Lessons by Ian McEwan

I am not a McEwan fan and have tried to read this book twice before but reverted to my tried and trusted method of getting to grips with a book I am finding challenging by having it as an audiobook. I am glad, once again, that I did.

The story opens with Roland, an 11 year old boy, being groomed by his female piano teacher. This goes on for some time, both in Roland’s life and the book, and I got bored with it but eventually Roland’s life moves on and we follow him through until his death. And what a life he has.

There are two events that are significant and shape the patterns of his life. The first is the grooming and abuse that Roland is submitted to until he is sixteen years old – let’s call it what it is. I have seen this time in his life referred to as an affair, a seduction and an attraction but he is younger than sixteen years old and the woman is twenty five and a teacher. The second significant event in his life is his wife leaving him to bring up their child, Lawrence. Together, these two women leave Roland with a life-time of baggage that he only manages to offload towards his end. We might say that he doesn’t learn lessons easily, if at all.

So, what lessons does he learn? I am not sure he learns any, really. He doesn’t seem to learn any from raising his son, nothing about himself and why he won’t/can’t marry, why he never achieves having been a gifted piano player as a youngster. He ends up playing ‘munch music’ in hotels at meal times. He tries writing poetry but gives that up and so it goes on with him never settling at anything. He does learn about a ‘good’ death and how to have one from his wife of a few years when he is older and that lesson is carried over into his own life afterwards. Yes, he does have piano lessons and obviously learns a lot more than most during them but other than that, I don’t think he learns much at all.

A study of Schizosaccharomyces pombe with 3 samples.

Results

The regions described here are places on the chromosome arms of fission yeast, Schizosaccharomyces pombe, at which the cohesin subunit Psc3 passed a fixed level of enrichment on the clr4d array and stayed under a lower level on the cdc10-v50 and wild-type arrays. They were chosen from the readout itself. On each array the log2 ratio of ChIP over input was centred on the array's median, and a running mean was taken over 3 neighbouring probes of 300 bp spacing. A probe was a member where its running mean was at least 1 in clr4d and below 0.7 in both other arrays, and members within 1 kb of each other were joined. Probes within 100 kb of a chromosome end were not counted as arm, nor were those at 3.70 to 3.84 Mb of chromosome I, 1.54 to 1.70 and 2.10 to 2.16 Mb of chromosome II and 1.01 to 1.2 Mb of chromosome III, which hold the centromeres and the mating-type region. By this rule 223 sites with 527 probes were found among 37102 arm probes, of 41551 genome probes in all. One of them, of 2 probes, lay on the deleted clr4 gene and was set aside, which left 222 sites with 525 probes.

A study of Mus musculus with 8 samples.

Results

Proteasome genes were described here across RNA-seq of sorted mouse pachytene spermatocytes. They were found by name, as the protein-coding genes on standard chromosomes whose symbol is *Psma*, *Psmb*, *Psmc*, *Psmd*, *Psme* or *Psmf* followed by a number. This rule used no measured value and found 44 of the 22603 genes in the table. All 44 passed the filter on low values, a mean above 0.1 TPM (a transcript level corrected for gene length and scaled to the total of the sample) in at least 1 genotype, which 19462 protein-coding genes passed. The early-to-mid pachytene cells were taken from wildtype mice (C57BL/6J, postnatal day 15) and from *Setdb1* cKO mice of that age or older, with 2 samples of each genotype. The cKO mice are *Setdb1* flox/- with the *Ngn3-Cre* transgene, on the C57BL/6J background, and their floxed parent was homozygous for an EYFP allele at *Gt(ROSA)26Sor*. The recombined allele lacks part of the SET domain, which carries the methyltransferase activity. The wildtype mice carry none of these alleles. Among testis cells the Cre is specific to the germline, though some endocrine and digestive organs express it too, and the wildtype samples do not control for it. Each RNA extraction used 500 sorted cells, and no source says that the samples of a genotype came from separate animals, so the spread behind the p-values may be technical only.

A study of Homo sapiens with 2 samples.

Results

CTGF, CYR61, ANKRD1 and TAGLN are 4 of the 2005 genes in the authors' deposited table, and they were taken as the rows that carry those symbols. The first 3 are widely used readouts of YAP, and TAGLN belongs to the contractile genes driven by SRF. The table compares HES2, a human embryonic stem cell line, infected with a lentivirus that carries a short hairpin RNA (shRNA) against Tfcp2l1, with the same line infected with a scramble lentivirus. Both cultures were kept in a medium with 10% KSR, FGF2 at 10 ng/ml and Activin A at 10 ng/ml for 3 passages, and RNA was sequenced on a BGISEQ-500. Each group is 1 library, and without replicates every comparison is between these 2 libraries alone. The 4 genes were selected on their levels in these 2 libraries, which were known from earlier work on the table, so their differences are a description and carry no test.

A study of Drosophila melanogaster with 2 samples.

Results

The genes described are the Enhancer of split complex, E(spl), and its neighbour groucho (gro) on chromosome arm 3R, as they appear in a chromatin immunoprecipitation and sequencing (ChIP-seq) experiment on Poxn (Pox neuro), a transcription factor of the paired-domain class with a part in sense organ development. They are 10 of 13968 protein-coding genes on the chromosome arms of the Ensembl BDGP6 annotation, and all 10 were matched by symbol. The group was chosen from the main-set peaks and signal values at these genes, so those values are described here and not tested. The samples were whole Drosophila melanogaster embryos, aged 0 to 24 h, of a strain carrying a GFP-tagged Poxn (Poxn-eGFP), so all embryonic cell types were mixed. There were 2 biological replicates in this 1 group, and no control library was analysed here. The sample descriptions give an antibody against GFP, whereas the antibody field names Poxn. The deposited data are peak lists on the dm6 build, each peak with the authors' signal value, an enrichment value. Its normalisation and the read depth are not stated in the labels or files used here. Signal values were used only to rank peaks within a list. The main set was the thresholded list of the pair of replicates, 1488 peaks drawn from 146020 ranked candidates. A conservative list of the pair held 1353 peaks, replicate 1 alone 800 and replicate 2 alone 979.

Running alongside his life, McEwan sets a thread unravelling of historical events, from the Cuban missile crisis to lockdowns due to the pandemic and a lot inbetween. This means that we get the macro view of the world and the micro view of Roland’s world – big picture and detailed picture. I wasn’t sure if we were meant to make the links between what was happening in the world and Roland’s life. Surely the Cuban missile crisis linked with Roland discovering sex is a little too obvious, rockets going off and all that, but everything thereafter passed me by.

The men in the story are not described and as important as the women, although the scene where two middle-aged men have a fight on the banks of a river over who should put their wife’s or ex-wife’s ashes in the water is quite funny, other than that they are bores. They have affairs, earn too much money and then support Brexit. We don’t even really find out in any great detail how Lawrence feels about never seeing his mother and accepting that she never wants to see him.

The women are the heroes and villains in this work. Alissa, Roland’s first wife, leaves him and Lawrence because she feels suffocated by them and she is worried that her artistic endeavours in writing will be lost to motherhood. She becomes successful in Germany, her home country, and around the world, but book after book, Roland waits to find himself in it and when he does, of course it is fictionalised and so people think that he has done things that he didn’t do.

The larger subject was the ruthlessness of artists. Do we forgive or ignore their single-mindedness and cruelty in the service of their art? Are we more tolerant the greater the art?

Audiobook, no page numbers

McEwan also takes a pop at authors who employ other novelists rather than critics to review each other’s work.

At this point in the book I was reminded of Sylvia Plath and Ted Hughes, their relationship and work. Hughes was never forgiven for Plath’s suicide and for many years was deemed to be responsible and whilst we don’t have suicide in this book, we do have two creative people who struggle to create together or separately whilst together.

The only other work I know by McEwan is Atonement from the film rather than the book and several of the themes are the same: young person, sex and how it affects their life thereafter. Both also have a thread about memory – it isn’t always reliable as Roland finds out when he visits his piano teacher to confront her many years later. Roland is aware of this inaccuracy because he doesn’t remember reading Joseph Conrad’s Youth and Two other Tales at all.

Books play an important role in the story – they are all classics – and because I haven’t read any of them, I am not sure how they link into his life but I bet they do. So is his life driven by lessons learnt from reading? At one point Roland decides to take his education into his own hands and creates a list of books he should read. So, here we have education as reading the classics.

This would make an excellent choice for book clubs. There is so much to discuss, not least whether all victims/survivors need the legal system to resolve their issues of abuse.